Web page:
The Brits are a nation of impatient walk-outs, as a new survey has revealed a significant number of people turn away from a store if the queue is too big.
Whether it is at a fast-food restaurant or on the phone, the people of Britain are a nation of queuers. Albeit unwittingly, and it can be an extremely frustrating experience for all involved.
Out of 2000 Brits questioned in a report by Visa Contactless, 89% revealed the method the nation are using in fighting back against the UK ‘queuing culture’ and admitted leaving a store and walking away from their purchases if the queue was too long.
More worryingly for retailers, two thirds of those questioned (65%) said they would ditch the store and visit a rival store in order to get what they wanted quicker.
Kevin Jenkins, Managing director UK & Ireland at Visa Europe said: “These stats clearly show that consumers are so frustrated by long queues that they’ll go elsewhere rather than face such a long wait. Retailers that want to retain business and keep their customers happy, particularly during the busy Christmas period, should think about introducing methods that are proven to reduce queuing times, such as contactless payments.”
Further figures revealed Brits spend a whopping 18 hours a year in a queue, and Londoners are the biggest sufferers with an average waiting time of 9.11 minutes a week.
53% people loath queuing for the amount of time it takes, and 38% find it tedious. Similarly, nearly the same proportion who found it boring said they were prone to losing their patience more at 37%.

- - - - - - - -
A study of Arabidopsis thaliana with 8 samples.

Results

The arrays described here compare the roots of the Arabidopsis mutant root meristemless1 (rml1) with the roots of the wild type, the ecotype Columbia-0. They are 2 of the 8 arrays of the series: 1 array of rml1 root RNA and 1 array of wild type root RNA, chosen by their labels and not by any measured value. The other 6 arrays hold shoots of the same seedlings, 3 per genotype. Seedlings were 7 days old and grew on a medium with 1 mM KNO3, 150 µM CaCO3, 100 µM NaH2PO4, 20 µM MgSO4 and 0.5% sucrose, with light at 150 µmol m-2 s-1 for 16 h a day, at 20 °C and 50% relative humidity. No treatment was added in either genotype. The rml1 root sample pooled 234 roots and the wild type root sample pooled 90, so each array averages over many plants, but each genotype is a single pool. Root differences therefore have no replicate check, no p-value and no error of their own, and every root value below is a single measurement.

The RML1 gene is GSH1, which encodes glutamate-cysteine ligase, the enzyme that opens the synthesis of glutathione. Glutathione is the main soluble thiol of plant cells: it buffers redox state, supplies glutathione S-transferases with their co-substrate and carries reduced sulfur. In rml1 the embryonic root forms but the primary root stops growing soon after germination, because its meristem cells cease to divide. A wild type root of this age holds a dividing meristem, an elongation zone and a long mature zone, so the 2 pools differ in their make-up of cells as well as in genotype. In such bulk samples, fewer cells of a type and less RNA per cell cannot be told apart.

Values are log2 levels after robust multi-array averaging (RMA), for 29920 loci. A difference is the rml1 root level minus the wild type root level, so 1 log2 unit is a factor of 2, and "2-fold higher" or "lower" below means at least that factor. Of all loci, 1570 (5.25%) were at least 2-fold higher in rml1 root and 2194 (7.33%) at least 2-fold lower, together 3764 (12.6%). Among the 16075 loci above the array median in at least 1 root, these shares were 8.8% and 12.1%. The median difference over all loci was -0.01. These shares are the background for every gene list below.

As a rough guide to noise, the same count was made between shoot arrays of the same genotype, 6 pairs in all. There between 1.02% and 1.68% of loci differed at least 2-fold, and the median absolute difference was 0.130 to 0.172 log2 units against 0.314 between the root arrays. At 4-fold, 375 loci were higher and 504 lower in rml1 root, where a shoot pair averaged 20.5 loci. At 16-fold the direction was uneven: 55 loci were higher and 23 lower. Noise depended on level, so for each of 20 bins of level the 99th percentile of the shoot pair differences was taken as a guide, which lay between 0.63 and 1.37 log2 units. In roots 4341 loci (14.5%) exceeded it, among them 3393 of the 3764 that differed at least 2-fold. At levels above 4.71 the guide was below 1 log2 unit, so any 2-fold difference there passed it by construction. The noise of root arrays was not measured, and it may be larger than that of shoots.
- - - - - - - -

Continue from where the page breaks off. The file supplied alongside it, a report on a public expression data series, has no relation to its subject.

Given the intensity of competition amongst retailers today a customer waiting too long is basically and lost customer. The challenge for retailers is to keep customers once they are through the doors and retailers like M&S, WHSmith, Teso, McDonalds and Pret A Manger are realising this, implementing methods like contactless payment to keep the queues down and keep them in.
James Anderson, general Manager of Yorkshire Grey, a London pub that uses the technology, said: “We have certainly benefited from the ease of payments for small amounts with contactless technology. It’s becoming a more popular payment method for amounts under the £20 limit.
Customers popping in for a spot of lunch that may be limited to a one-hour break time can be served, and pay quickly with a simple tap of their card, cutting our queue time and the amount of people waiting for their drink during the lunchtime rush.”
It seems that the commonly held belief that queuing is one of those classic traits of British culture is wearing thin. What we should possibly accept are probable outbreaks of queue rage, more likely incidences of queue jumping and just a general all round intolerance.
Jo Hemmings, a behavioural psychologist said: “Unlike some of our European neighbours, the British accept that queuing is a necessary and fair way of making a purchase.
However, psychologically the length of time we have to queue also affects our purchase decisions, as we can see a whopping 89% of people leaving a shop, without making a purchase, due to excessive queuing.
A strategy that both reduces our expectations, such a offering easy was to pay or a full line of active cashiers as well as one that can also distract us from the impatience that the waiting, stress and boredom brings, is likely to be the most effective at bringing in return custom.”